The story begins at a funeral marking the “fading presence in Yokohama of a family that witnessed Japan’s transformation from a feudal nation ruled by samurai into one of the world’s greatest industrial powers.” Yokohama Yankee: My Family’s Five Generations as Outsiders in Japan is a very readable quest of journalist Leslie Helm to learn more about his famous German-Japanese family. Helm is a quarter Japanese. He was born and raised in Yokohama, where his family’s roots go back to 1869. The funeral that begins the book is for Helms’ father, the last (and reluctant) heir of the illustrious Helms Brothers company that provided stevedoring and other transporation-related services to the ships loading and unloading in Yokohama harbor, later in Kobe and other major Japanese ports. Leslie Helms was not close to his half-Japanese father, although both were similar in that they were uncomfortable being part-Japanese. Most of the Helms “felt insecure in the country of their birth.”
Leslie Helm added fascinating tidbits of historical information beginning with his great-grandfather Julius leaving farm work in Germany (and, as the family joke goes, escaping an arranged marriage) to try his luck in Minnesota where he was soon disheartened, then he missed a boat to China and took the next ship out—to Japan. Leslie had Julius Helms’s autobiography to work from, but did plenty of research and interviews with remaining family and friends to weave facts and imaginings of how it was for a burly German man to break cultural barriers by marrying a Japanese woman and raising “mixed bloods” in insular Japan. The story reminds me of Lisa See’s On Gold Mountain epic of her Chinese and American family.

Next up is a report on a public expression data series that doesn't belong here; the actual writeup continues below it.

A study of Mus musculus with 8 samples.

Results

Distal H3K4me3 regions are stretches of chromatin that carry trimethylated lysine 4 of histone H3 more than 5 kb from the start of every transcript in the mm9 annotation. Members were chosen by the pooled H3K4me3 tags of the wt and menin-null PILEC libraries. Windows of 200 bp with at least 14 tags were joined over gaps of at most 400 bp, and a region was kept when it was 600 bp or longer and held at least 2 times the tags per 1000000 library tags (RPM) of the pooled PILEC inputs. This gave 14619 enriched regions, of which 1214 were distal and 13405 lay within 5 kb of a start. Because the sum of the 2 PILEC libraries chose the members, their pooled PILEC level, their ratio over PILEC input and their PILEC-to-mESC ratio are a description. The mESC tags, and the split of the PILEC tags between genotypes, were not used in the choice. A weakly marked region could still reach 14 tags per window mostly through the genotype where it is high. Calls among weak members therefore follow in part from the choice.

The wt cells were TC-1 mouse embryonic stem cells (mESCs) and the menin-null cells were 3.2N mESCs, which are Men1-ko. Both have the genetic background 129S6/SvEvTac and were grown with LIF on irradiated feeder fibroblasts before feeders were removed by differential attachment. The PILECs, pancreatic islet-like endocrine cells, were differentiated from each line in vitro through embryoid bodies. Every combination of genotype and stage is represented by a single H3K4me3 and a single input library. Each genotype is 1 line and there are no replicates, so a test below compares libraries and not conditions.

Helms brings to life history and the delicate dance of living through WWI (Julius Helm had taught samurai the German fighting techniques) and WWII and the Occupation as German/Japanese with the American enemy mixed in. He takes us through the flames of hell rising from the Great Kanto Earthquake of 1923. He muses about the complexities of father-son relationships through generations. Those interested in genealogy will thrill to walk beside him as he discovers and follows clues that solve mysteries of family heritage. With all this to hold readers fast, Helms really drives deep with the main storyline—his and American wife Marie’s adoption of two Japanese orphans. I found this international adoption journey to be startling, painful, and raw as Leslie opens his heart to readers with his own misgivings, confusion, pain, and discovery. Adoption in Japan is no easy thing, both legally and emotionally, and add to that parents who do not look or act Japanese.
I advise those who want to write their life stories to read plenty of memoirs, particularly those that hold similar stories. I bring up Yokohama Yankee and On Gold Mountain because adding genealogy and history can be a daunting task with so many different stories that need to be integrated into one. Reading other memoirs will give you ideas of how to organize and write your own, what to include—or not. Farewell to Manzanar helped me write Cherry Blossoms in Twilight. I liked the simplicity and the added historical details and that it was about the memories of being a little girl living a WWII experience few outsiders knew about. Other than that, these memoirs are not very similar.
Yokohama Yankee is a 5-star book for me. Not only was it exciting to follow Leslie Helm’s discoveries of his family history and learn about Japanese and world history at the same time, the physical book itself is a work of art. Book designer Joshua Powell is a JET (Japan Exchange & Teaching program) alum and his time in Japan probably influenced his sense of aesthetics. He used Helms’s collection of old photos, postcards, and ephemera to turn the book into a visual delight.